In Hilchos Arachin (6:32,33), the Rambam writes: “It appears to me that whereas one cannot consecrate something which has not yet appeared in the world (is not yet in existence); if he were, however, to state, ‘I take it upon myself to consecrate this object’ (which is not yet in existence), he must carry out his vow and consecrate the object when it appears in the world. For instance, if one were to say, ‘I will give the fruits of this field (which are not yet here) to poor people, he must give those fruits to the poor when they are available. We derive this halachah from Yaakov Avinu, who made a vow to tithe whatever Hashem would one day give him. The Torah considers this a neder, vow. The Ravaad concurs with the proof.
Why did Yaakov make a vow concerning what he would give when it materialized? Why did he not simply wait until that moment that it would be here, and then consecrate it? The idea of taking a vow to do something if and when it will be possible seems unusual.
Horav Arye Leib Bakst, zl, cites the Talmud Chullin 71b, where Chazal quote the pasuk at the beginning of our parsha, “And Yaakov departed from Beer-Sheva and went to Charan. He encountered the place” (ibid 28:10,11). The two pesukim seem to contradict one another. First, the Torah writes that Yaakov went all the way to Charan, which is quite beyond the borders of Eretz Yisrael. Then the Torah writes that “he encountered the place.” This is the place in which the Patriarch had his visions of the Angels ascending and descending the ladder. This place was subsequently named Bais Keil (Beth-El). If Yaakov had already reached Charan, how could he be back in Beth-El? Chazal explain that Yaakov did actually reach Charan, but, once he had arrived, he said to himself, “How could I have passed the place where my fathers prayed and not have prayed there myself?” He set his mind to return, and, as soon as he set his mind to return, the ground between Charan and Beth-El miraculously contracted, and lo and behold – va’yifga ba’makom, “he encountered the place.”
Chazal’s words were: Kad yahiv daatei l’mihadar, “When he set his mind to return.” When he personally, on his own, was aroused to return, he merited the miracle of kefitzas ha’derech, the earth contracting beneath him. This idea is ratified by Rashi, who wonders why, when Yaakov had originally passed Beth-El, Hashem did not halt him there. The answer is: Ihu lo yahiv libei, “If he did not set his heart to pray, should they halt him from Heaven?” What a powerful lesson the Torah is teaching us here. We must make the move – then Hashem will do the rest. If we do not have the inspiration on our own, however, if we are not self-motivated, Hashem will not motivate us. It must commence “down here,” and it will be completed from “up there.”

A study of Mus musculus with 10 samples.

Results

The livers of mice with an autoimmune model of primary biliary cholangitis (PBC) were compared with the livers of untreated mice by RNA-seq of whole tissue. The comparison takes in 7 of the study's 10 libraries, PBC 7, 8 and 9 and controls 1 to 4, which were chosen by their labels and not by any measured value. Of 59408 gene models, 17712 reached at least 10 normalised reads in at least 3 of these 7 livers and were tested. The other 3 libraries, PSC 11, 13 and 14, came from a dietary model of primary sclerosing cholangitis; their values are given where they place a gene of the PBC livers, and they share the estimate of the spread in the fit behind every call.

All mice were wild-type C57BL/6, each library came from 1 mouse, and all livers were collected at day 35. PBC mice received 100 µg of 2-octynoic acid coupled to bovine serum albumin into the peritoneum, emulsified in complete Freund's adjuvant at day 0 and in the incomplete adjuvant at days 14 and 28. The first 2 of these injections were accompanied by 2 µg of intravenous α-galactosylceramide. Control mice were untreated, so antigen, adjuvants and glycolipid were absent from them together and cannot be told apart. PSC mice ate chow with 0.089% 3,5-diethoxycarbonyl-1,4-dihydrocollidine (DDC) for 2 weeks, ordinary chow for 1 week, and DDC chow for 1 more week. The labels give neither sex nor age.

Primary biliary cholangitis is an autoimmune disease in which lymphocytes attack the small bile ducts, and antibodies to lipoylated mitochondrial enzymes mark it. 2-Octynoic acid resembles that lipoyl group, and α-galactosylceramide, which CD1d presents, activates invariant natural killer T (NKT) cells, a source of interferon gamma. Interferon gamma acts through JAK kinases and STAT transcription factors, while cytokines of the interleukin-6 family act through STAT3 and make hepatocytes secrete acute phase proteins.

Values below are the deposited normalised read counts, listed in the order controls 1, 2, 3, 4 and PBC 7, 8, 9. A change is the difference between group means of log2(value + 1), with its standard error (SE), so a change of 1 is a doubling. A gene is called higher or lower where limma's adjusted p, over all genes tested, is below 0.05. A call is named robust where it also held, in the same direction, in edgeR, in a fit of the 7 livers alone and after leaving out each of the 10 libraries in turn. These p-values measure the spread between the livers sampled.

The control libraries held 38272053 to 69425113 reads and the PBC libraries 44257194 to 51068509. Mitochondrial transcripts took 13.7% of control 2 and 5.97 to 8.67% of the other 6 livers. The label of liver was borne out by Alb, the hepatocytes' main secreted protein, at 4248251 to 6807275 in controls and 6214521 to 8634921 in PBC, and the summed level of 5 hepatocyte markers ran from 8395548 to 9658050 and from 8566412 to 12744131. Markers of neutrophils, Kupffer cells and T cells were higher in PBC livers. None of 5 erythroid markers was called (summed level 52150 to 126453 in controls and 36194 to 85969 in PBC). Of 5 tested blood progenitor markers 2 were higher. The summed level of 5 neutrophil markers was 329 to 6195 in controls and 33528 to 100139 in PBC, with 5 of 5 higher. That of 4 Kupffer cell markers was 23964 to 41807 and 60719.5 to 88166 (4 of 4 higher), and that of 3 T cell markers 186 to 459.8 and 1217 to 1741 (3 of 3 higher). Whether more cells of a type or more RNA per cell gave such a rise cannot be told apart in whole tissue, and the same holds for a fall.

It was during this famous “encounter” that Yaakov had the awesome vision during which Hashem promised him that his descendants would multiply and be blessed. Indeed, the entire future of Klal Yisrael was spelled out to him at that point. Had the Patriarch not gone back to pray, had he not “set his mind” to endanger himself again on a return journey, he would have lost the opportunity for all of the blessings which he received.
Veritably, there is no mitzvah to pray where one’s ancestors have prayed. Yet, Yaakov felt it incumbent to do so – even at the risk of endangering his life on a return trip. Why did he do so? Rav Bakst suggests that it was due to the Patriarch’s principled emotions. What is proper and suitable, what is equitable, is enough of a requisite for one to assume upon himself a goal that might even be fraught with danger. If it is the “right” thing to do – one does it. One should not wait to be told to take honorable action. He should set his mind to do so independently, of his own volition.
This was the idea behind Yaakov’s neder, vow, which would be his motivation and serve as the blueprint for his spiritual development. It was the prototype for establishing the Jewish nation. This vow would continue to inspire his upward spiritual growth and maintain his spiritual stamina until the vision in his dream was realized.
The Rosh Yeshivah suggests that this is a powerful lesson for us all. We must set goals and objectives and stick to them tenaciously – even if it requires hardship and adversity. One should never give up seeking the realization of his present goals. Indeed, the “goal” is often what pulls us along. The joy in crossing that “finish line” more than compensates for the vicissitudes that we have encountered along the way.